So you’re trying to write an iOS developer résumé, and you have no idea where to start.
We have two words for you: Swift, Objective-C.
If you’ve learned anything about iOS, you know that Swift and Objective-C are the two languages used to write iOS (and macOS, and watchOS) apps. Objective-C has existed for more than three decades, while Swift is a mere three years old—having been introduced to replace Objective-C as the “main” language for Apple apps.
If you want to land any sort of iOS job, recruiters and hiring managers will want you proficient in both languages, even if Swift is rapidly supplanting Objective-C as developers’ language of choice. Why both? Because many companies have legacy apps written in Objective-C, and chances are good that code will need to be maintained as-is or rewritten in Swift—and both those scenarios require Objective-C knowledge.
(As Swift doesn’t have ABI stability quite yet, it’s hard for many iOS developers to go “all in” on the language, but that will surely change as Swift fully matures over the next few years.)
But Swift and Objective-C knowledge isn’t the only thing that an iOS developer résumé needs.
Proficiency in Xcode, the integrated development environment (IDE) with various development tools, is also key. Many firms rely heavily on Xcode tooling, with the exception of Google and other (generally huge) companies that have the resources and software know-how to create bespoke IDEs.
Go Big on Projects
Want an iOS job? Show how you’ve used iOS in real-world contexts. Fortunately, if you’ve spent a lot of time actually building or maintaining iOS apps, you’ll likely have a healthy reservoir of experiences and finished projects to draw upon.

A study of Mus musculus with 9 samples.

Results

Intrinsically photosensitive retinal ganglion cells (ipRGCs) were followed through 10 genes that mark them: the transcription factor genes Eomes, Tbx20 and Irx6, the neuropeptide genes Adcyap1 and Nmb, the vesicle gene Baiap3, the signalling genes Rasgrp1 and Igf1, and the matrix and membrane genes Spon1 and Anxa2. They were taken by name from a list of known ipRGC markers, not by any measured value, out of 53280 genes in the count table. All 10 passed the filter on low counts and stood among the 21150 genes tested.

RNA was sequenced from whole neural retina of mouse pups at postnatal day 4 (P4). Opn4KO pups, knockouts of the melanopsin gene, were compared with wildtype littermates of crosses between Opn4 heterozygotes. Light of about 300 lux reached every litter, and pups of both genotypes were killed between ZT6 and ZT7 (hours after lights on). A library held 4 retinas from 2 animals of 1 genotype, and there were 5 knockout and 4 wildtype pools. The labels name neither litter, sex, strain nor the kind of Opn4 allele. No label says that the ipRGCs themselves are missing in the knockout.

When it comes to an iOS developer résumé, make sure that your experience section clearly delineates the projects you’ve worked on, as well as the results. Include names of finished apps and (if electronically submitting the résumé) links. If those apps had a positive effect on the company you worked for, such as boosted engagement or revenue, it’s important to note that; prospective employers want to see the kind of impact your work had on the company’s overall fortunes.
When it comes to iOS, your personal projects can matter just as much as the ones you’ve completed for a particular firm. If you’ve completed an interesting and/or complex iOS-related project on your own time, you should feel free to list it prominently, because companies really like job candidates who show considerable initiative.
But a Good Résumé Isn’t the End of the Process
If you survive the iOS developer résumé gauntlet, the next stage is the job interview. Fortunately, many iOS interview questions are pretty straightforward—for instance, you’ll certainly have to spend time describing your iOS-related apps and projects. Many of these interviews also demand you demonstrate in-depth knowledge of iOS development; make sure you’re up on the latest tools, as well as the most current version of Swift, before stepping into the interview room.